When the muscle car entered its heyday back in the 1960s, so did the manufacturers’ implementation of a lighter-weight “unibody” chassis design. With individual subframes based around the front and rear suspension, the overall chassis’ rigidity relied on the body shell to support the car’s center section. When horsepower was increased beyond factory levels, the lack of a full-frame caused these cars to exhibit twisting and flexing problems during dragstrip launches and hardcore cornering. it didn’t take long until the bolt-in subframe connector was developed.
The first bolt-in subframe connectors did serve the purpose of stiffening the cars. But, just like overpowering a stock body, once you reached an even higher power level and/or increased launching and cornering demands, they also found their limits. A recent development in subframe design by Speedtech Performance created not just a subframe connector, but rather, a system incorporated into the floor pan. It also features an integrated crossmember that ties the frame sections together. This design is a game-changer for handling even the most extreme body flex.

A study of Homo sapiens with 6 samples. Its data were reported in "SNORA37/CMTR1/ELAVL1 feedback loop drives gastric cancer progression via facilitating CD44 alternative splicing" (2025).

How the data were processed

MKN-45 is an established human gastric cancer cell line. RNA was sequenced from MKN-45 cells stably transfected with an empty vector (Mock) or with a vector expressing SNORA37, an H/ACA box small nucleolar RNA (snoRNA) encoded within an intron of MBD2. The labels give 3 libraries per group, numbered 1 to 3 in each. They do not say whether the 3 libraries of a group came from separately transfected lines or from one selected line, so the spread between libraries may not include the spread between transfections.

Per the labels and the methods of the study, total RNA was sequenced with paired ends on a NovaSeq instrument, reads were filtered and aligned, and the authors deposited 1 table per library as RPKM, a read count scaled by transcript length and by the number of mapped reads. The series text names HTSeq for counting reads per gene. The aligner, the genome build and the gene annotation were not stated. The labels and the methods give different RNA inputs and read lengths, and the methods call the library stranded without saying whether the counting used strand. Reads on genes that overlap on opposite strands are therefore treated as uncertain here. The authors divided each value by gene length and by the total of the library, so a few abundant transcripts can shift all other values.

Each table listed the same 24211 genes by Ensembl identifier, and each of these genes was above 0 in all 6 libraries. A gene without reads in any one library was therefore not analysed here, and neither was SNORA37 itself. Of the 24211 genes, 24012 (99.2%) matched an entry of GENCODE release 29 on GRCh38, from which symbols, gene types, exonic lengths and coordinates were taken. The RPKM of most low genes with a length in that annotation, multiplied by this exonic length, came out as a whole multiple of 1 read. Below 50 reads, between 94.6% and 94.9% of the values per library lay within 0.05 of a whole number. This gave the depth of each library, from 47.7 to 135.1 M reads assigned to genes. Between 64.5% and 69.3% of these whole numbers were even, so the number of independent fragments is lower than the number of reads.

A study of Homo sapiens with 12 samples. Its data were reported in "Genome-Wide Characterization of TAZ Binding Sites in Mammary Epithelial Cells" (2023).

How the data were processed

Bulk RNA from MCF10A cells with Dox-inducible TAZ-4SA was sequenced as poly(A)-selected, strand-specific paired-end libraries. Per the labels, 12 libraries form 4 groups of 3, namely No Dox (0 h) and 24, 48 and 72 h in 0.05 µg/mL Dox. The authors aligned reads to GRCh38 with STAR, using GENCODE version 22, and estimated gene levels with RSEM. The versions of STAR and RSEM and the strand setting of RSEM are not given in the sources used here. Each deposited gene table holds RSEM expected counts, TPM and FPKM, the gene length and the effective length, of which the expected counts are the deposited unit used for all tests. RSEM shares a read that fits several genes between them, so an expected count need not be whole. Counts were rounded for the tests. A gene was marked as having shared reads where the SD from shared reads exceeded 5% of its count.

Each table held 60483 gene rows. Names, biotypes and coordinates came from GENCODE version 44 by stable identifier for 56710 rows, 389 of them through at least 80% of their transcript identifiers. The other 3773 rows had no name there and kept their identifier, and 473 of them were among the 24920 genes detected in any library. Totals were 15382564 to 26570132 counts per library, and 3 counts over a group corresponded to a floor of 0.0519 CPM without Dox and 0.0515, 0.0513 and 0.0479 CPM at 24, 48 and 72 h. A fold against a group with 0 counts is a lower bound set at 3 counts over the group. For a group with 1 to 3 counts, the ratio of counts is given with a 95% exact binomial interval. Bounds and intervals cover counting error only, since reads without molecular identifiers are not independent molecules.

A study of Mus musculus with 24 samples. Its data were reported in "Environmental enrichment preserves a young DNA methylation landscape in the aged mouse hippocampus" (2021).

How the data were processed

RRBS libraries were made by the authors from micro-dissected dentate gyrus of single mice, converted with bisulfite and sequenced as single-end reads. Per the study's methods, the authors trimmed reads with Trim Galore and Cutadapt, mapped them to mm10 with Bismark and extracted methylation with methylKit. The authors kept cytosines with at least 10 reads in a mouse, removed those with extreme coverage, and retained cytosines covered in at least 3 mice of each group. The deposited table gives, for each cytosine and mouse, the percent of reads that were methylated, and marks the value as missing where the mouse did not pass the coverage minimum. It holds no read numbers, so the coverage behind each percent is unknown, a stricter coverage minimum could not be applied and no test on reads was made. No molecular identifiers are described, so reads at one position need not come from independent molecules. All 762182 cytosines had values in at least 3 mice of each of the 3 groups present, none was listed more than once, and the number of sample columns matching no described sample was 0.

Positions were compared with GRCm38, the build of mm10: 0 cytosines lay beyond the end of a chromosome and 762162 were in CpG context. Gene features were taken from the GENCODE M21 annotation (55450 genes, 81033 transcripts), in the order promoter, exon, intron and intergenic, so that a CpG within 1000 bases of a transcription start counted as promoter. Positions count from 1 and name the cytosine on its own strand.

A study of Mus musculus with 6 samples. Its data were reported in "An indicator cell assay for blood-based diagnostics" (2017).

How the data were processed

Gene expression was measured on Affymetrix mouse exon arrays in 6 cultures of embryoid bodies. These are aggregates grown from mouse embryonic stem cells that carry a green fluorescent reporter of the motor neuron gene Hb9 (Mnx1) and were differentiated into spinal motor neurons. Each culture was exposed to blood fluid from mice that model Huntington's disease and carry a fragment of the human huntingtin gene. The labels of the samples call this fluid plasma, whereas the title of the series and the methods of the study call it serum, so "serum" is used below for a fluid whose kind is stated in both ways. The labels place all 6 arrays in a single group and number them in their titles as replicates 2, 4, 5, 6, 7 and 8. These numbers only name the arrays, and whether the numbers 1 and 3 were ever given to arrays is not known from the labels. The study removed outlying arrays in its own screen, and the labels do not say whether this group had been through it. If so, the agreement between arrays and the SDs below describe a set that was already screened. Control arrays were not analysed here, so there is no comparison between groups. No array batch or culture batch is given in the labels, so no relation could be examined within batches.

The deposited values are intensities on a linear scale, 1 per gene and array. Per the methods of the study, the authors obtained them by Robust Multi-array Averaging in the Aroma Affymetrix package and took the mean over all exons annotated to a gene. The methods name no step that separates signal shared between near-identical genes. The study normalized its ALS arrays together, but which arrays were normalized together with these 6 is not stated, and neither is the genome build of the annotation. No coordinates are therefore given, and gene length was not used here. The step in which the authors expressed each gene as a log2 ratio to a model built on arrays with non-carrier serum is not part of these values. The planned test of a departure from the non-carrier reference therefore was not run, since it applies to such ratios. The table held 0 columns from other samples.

Thomas LeClair, a marketing specialist at Speedtech, describes their new ’67 through ’69 Camaro subframe connectors. “Our frame-connector crossmember design adds strength by integrating it into the floor pan. With that, it also does not extend lower than the front subframe, making it very street friendly without sacrificing any ground clearance.”
Speedtech’s instructions may first appear intimidating to anyone short of an experienced chassis builder, but LeClair assures, “We designed the instructions to be very detailed. That does not mean they are overly complex. The instructions are explained down to the finest details and measurements to make exact cuts and fitment into your floorpan.”